Like music, surround sound formats come in many standards. The two most popular supported by a wide range of high-end audio systems are DTS and Dolby Digital. The battle of DTS sound versus Dolby sound is a hotly debated issue. Some audiophiles argue that DTS is capable of delivering better sound quality than its Dolby Digital counterpart.

SummaryWhat are DTS and Dolby Digital?Differences between DTS and Dolby DigitalDTSDolbyWhich is more superior?Conclusion

This reasoning probably stems from the fact that DTS surround sound is generally encoded at a higher data rate than the corresponding Dolby formats. Others argue that Dolby Digital is much more advanced, as is its sound quality. In its defense, Dolby maintains that their codec is more efficient and can therefore operate at a lower bitrate. So which of these two multi-channel sound formats is more superior? Keep reading to find out.

What are DTS and Dolby Digital?

The main difference between DTS and Dolby Digital is bitrates and compression levels. Dolby digital compresses 5.1 channel digital audio data up to a raw bit rate of 640 kilobits per second (kbps). However, 640kbits/s is only applicable to Blu-Ray discs. The maximum bitrates that Dolby Digital can support for DVD-Video and DVD-Audio are up to 448 kbps.

To extract all relevant data, Dolby Digital uses variable compression of approximately 10 to 12:1. DTS surround sound, on the other hand, enforces a maximum raw bit rate of up to 1.5 megabits per second. However, this bit rate is limited to approximately 768 kilobits per second on DVD video. Due to the higher bit rate supported by this format, DTS requires considerably low compression of around 4:1.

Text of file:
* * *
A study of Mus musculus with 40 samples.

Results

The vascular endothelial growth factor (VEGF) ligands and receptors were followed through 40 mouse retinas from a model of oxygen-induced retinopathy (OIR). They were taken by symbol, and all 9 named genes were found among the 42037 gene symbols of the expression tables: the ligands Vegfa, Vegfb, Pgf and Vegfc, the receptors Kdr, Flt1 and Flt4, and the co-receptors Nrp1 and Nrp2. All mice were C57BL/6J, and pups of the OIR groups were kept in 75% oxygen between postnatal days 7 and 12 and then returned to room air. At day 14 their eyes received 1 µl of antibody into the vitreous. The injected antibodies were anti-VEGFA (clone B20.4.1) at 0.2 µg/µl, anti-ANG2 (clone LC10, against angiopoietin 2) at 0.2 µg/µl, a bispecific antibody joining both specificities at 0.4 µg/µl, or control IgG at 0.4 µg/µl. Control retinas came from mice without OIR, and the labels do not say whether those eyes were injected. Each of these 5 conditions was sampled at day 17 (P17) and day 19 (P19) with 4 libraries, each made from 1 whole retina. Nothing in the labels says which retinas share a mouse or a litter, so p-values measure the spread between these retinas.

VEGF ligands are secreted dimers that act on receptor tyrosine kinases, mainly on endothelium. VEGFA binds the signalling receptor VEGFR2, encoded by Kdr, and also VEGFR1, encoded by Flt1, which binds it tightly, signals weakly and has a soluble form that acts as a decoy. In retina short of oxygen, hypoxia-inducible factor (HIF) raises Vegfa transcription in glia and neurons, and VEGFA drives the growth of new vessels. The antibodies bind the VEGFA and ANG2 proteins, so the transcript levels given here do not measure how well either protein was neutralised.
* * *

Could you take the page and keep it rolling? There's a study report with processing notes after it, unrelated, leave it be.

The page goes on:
In theory, the lower the compression used in the encoding, the more realistic the sound becomes because it better represents the original source. This means that DTS has the potential to produce better sound quality than Dolby Digital. Here's a breakdown of the different versions you'll find in each standard and their bitrates.


  • DTS Digital Surround – Maximum 5.1 channel sound at 1.5 Mbps
  • DTS HD Master Audio – Maximum 7.1 channel sound at 24.5 Mbps (lossless quality)
  • High-Resolution DTS HD – Maximum 7.1 channel sound at 6 Mbps


  • Dolby Digital – Maximum 5.1 channel audio at 640 Kbps (common in DVDs)
  • Dolby Digital Plus – Maximum 7.1 channel audio at 1.7 Mbps (supported by streaming services like Netflix)
  • Dolby TrueHD – Maximum 7.1 channel sound at 18 Mbps (lossless quality available on Blu-Ray discs)

Which is the most superior?

Comparing DTS and Dolby Digital in consumer applications reveals that the two standards are closer in terms of audio performance. Looking at the specs above, DTS seems to have an advantage over Dolby due to the higher bit rate in its three versions. However, higher bitrates do not always mean higher quality. There are other factors such as signal-to-noise ratio and dynamic range that some audiophiles might consider better in Dolby than DTS.

Most modern receivers support both DTS Master Audio and Dolby TrueHD, so you might not even have to choose between the two. But if you're an audio enthusiast and want something supremely beautiful, you might want to look to technologies such as DTS:X or Dolby Atmos and the receivers and home theaters that support them. in charge. However, in the rare case where you have to choose between DTS and Dolby Surround, opt for DTS because of the higher bit rate.


Determining which format has superior sound quality is a very ambiguous question, as there are many factors to consider besides bitrates and compression levels. So where is this DTS versus Dolby debate leading? Both audio formats are capable of achieving almost similar results in delivering surround sound.